The Influence of Market Support Interventions on Household Food Security: An evidence synthesis
There is growing consensus on the need to consider and support markets as part of humanitarian responses. It is assumed that this support will increase the impact of responses – yet to date such assumptions are rarely supported by data and strong evidence.
This evidence synthesis, commissioned by the Humanitarian Evidence Programme1 and carried out by a team of independent and multidisciplinary consultants, represents the first ever attempt to identify, synthesize and evaluate the existing evidence on the influence of market support interventions on household food security in humanitarian crises. It aims to:
verify the quality of existing evidence
help researchers identify the strengths and weaknesses in such evidence, and thus recognize potential improvements and opportunities for future research
assist practitioners and policy makers in evaluating the impact of choices and investments based on the evidence, and assessment of this evidence.
Definitions and scope
Market support interventions are activities that support existing market systems to improve the situation of crisis-affected populations. They are a form of market-based programming.
This synthesis looks at market support interventions targeting market actors, service or infrastructure providers that sell or buy products and services that are ultimately available to consumers.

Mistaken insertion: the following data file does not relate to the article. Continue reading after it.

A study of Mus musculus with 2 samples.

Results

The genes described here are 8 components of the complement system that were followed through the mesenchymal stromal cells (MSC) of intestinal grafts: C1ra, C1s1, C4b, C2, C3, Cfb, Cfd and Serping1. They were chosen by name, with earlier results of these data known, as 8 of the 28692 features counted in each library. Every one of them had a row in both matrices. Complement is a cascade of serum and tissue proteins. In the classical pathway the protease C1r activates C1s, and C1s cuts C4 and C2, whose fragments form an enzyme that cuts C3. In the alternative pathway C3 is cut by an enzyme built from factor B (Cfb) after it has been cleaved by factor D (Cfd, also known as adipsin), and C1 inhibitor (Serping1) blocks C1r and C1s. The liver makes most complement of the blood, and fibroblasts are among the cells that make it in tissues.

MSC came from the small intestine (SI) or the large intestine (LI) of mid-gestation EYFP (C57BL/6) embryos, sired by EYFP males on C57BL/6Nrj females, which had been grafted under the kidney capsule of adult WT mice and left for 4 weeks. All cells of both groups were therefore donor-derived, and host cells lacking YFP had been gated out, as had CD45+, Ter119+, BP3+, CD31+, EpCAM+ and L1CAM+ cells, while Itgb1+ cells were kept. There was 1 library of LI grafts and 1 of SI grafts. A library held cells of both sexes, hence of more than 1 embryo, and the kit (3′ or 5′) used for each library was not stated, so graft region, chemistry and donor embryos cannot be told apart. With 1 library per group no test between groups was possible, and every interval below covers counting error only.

It sets out to compare and analyse evidence of the impacts of such interventions to reduce negative coping mechanisms and improve the food security of crisis-affected populations in humanitarian settings.
Food security ‘exists when all people, at all times, have physical and economic access to sufficient, safe and nutritious food that meets their dietary needs and food preferences for an active and healthy life’ (Food and Agriculture Organization, 2006, p. 1).
The primary research question is: What is the influence of market support interventions on household food security in humanitarian crises?
The focus on food security enabled a deeper understanding of the available findings and subsequently more pertinent, focused and detailed analysis. Furthermore, there is more experience of market support interventions in the food security sector.
The evidence synthesis process entailed the following steps.
Developing a rigorous, peer-reviewed protocol for the synthesis methodology aligned with a published guidance note for evidence synthesis in the humanitarian field (Krystalli and Ott, 2015).
Comprehensive screening of existing research and documentation as per the defined protocol.
Selecting those studies that met the minimum quality criteria set out in the protocol for detailed analysis.
Analysing the strength of these studies and their findings.